As Connecticut students gear up for the PSATs in October (juniors and sophomore), many parents from our Shoreline area will call to inquire: “Do you think my child will do better on the SAT or the ACT?”
Of all the misinformation and partial truths that I hear passed around the soccer mom parent set about standardized tests, the myth that some students will do extraordinarily well on the ACT but terribly on the SAT is likely the biggest. At least in this geographic area, there is no one who has more experience or expertise in test prep training so I hope I can at least allay the concerns of some parents who are suffering over this question.
In fifteen years of training students in both the SAT and the ACT, I have observed the following pattern:
A specific high school junior does not prepare for the PSATs, performs terribly, and then builds up a psychological wall against the SAT. He or she is told that there is this other test called the ACT, delights that there is an escape from the SAT, and prepares vigorously for the ACT. Due to that work, he/she does far better on the ACT and then that story becomes part of the mythology that some people will do far better on the ACT than the SAT.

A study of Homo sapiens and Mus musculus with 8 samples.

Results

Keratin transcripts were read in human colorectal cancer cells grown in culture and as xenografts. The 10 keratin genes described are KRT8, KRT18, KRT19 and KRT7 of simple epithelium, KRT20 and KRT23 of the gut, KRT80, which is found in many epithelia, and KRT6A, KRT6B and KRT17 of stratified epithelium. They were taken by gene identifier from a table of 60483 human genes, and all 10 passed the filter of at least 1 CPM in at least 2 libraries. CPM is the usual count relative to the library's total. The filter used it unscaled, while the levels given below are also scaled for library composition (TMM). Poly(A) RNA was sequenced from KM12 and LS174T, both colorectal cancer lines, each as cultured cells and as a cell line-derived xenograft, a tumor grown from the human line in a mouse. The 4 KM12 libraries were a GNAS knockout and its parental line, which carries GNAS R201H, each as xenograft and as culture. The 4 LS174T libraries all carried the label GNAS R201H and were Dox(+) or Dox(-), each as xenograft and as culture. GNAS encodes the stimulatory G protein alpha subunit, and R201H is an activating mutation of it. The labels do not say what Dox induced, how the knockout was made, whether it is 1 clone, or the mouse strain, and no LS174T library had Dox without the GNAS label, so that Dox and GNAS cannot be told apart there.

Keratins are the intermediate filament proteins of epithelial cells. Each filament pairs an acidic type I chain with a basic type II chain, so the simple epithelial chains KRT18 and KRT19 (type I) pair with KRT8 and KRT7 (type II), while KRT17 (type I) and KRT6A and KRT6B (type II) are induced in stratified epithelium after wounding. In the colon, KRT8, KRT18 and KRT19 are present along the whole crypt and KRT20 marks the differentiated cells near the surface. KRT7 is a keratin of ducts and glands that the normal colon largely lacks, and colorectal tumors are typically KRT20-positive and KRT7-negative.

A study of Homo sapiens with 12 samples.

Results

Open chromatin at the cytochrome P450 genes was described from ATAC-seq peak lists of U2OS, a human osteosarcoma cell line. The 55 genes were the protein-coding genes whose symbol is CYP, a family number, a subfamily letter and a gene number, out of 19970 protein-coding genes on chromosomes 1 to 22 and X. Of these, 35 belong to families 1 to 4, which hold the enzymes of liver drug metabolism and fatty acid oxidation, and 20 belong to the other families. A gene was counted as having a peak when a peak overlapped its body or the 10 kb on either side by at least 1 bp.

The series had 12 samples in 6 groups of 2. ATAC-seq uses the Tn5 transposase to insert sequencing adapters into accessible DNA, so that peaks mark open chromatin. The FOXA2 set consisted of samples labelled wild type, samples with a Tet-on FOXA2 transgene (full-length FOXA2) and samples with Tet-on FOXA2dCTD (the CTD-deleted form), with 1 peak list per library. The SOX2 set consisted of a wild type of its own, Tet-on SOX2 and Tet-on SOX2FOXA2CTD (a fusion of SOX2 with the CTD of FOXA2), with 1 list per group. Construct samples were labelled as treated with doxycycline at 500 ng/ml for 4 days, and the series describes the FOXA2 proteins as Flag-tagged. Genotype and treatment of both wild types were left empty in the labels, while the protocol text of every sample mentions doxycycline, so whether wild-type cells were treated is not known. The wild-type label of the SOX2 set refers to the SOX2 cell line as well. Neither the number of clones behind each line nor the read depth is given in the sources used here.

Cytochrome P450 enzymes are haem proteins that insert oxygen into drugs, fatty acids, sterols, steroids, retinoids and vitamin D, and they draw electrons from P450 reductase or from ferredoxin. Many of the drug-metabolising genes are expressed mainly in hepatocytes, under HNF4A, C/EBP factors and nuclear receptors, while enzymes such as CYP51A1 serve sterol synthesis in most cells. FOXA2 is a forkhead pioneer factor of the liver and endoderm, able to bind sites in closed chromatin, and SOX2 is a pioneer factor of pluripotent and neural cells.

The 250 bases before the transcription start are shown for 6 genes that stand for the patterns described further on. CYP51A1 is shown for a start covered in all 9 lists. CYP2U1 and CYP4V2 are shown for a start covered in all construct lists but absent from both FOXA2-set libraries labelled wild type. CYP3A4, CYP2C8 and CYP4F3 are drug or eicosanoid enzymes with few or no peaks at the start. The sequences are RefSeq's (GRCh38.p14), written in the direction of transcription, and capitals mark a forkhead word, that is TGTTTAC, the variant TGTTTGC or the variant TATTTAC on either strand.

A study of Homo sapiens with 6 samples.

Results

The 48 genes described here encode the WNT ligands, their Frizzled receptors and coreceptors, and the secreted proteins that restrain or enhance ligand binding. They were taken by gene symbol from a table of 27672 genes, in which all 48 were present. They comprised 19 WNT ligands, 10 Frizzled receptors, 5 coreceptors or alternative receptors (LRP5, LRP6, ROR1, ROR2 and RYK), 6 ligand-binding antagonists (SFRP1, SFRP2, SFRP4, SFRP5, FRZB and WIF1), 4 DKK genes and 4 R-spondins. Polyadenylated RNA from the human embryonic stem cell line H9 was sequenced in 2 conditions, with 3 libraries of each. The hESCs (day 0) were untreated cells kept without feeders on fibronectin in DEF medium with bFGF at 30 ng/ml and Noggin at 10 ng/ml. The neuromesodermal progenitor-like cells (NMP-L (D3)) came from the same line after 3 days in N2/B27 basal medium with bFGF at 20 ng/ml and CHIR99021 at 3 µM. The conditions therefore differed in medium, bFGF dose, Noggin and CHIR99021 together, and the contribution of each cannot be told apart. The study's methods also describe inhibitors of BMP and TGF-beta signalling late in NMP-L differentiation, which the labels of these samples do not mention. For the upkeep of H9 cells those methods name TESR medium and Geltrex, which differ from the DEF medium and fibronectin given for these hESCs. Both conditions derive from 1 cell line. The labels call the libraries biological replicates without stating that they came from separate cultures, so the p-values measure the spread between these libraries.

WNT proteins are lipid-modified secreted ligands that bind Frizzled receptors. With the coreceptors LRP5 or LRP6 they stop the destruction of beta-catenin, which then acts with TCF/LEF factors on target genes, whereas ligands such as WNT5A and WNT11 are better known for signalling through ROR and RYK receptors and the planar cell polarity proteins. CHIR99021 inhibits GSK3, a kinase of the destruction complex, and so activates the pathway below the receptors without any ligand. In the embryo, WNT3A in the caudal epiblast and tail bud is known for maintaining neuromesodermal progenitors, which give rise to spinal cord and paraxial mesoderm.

The SAT and the ACT have always been rigorous standardized tests that measure reading comprehension, mathematical ability, and grammar skills. The ACT also has a science section. There are subtle differences and it is true that some students will perform better on one test to the other. But the vast majority of students who prepare similarly for each test perform similarly on each test. For that reason, we offer a class that prepares students for both. Indeed, my general advice is that most students take both.
SAT or ACT. Probably both. Two weapons in your child’s college admissions arsenal. Register now for our next SAT-ACT Mastery Seminar.